NEW PORT RICHEY — Joshua Keller has been rolling around in the same wheelchair since he was 4. Now he is 9 years old, and his bottom barely fits on the seat. Every week the chair needs some fixing.
"He's just simply outgrown the chair, but I can't afford to buy him a new one," said his father John Keller, a realtor suffering through a difficult housing market. He also works as a wedding disc jockey.
Joshua was born with spina bifida, a condition where the bones of the spine do not form properly around part of the spinal cord. The Deer Park Elementary third-grader is paralyzed from the waist down.
Now, thanks to a new nonprofit organization, he has a shot at new, sporty wheelchair.
A Charitable Wheelchair Foundation of St. Petersburg will host an event on Saturday at Shananigans Irish Bar in New Port Richey to help raise money for Joshua.
The state of Florida provides a heavier wheelchair, but it restricts the young, energetic boy. The foundation hopes to put him in a sporty model that is light with a low back and alloy frame he could easily maneuver. It costs at least $1,500.
Keller, 46, is divorced and raising Joshua and his 6-year-old sister, Jenna.
Joshua enjoys school, sailing with his father, swimming and reading. Every night before bed he prays and gives thanks for his family and food.
"I prayed a lot that Johnny (his brother in the Army) came back from Afghanistan," he said. "And he did."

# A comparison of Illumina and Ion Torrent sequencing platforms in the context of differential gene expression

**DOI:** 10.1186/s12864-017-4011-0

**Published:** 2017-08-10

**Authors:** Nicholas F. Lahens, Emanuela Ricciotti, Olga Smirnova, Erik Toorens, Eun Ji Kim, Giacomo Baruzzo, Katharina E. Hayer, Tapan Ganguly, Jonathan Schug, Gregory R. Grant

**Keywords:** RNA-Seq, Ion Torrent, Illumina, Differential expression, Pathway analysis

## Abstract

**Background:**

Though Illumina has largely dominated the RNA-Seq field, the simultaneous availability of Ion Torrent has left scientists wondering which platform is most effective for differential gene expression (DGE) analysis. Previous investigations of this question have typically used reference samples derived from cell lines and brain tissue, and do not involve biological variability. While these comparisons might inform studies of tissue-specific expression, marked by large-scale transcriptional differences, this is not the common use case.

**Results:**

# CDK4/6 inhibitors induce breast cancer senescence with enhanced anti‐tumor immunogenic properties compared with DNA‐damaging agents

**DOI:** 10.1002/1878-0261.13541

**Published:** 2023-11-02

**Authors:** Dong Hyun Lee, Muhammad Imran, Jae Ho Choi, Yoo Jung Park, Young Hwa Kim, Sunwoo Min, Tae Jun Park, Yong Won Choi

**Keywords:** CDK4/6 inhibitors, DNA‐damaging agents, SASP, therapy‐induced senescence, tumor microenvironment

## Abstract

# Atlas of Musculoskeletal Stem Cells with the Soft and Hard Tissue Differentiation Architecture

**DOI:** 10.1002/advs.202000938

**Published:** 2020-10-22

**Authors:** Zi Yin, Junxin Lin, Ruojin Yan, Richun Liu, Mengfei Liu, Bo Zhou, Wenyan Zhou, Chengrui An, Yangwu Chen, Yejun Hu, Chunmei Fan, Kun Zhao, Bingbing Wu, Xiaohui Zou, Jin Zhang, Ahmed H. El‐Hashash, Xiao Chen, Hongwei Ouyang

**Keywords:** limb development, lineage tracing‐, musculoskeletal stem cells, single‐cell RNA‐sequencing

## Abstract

Joshua has fun with his wheelchair.
"I go off curvy sidewalks, go on the grass, and I even go backwards sometimes," he said.
Paul Summerfield, founder of A Charitable Wheelchair Foundation, randomly met Joshua's grandmother at a veterans home. During their conversation, he learned of Joshua's situation.
Spokesman Joe Manzo, 51, said Joshua's fundraiser is the first event for the fledgling foundation. Manzo, who has cerebral palsy and is also in a wheelchair, said he joined the four-member group about a month ago.
"Our goal and our plan is to help raise funds for any child in need of a wheelchair or walker," he said.
Manzo said most kids in wheelchairs are like Joshua — they challenge themselves to do things they are told they can't do.
"I fell in love with the kid, and there are thousands of Joshuas out there," he said. "We want to help these young fighters."
Jacqueline Baylon can be reached at [email protected] or (727) 869-6247.
This article has been revised to reflect the following correction: For information about A Charitable Wheelchair Foundation's efforts to provide a new wheelchair to 9-year-old Joshua Keller, call Joe Manzo at (727) 326-7662. Due to incorrect information provided to the Times, the wrong phone number ran with the original version of this article.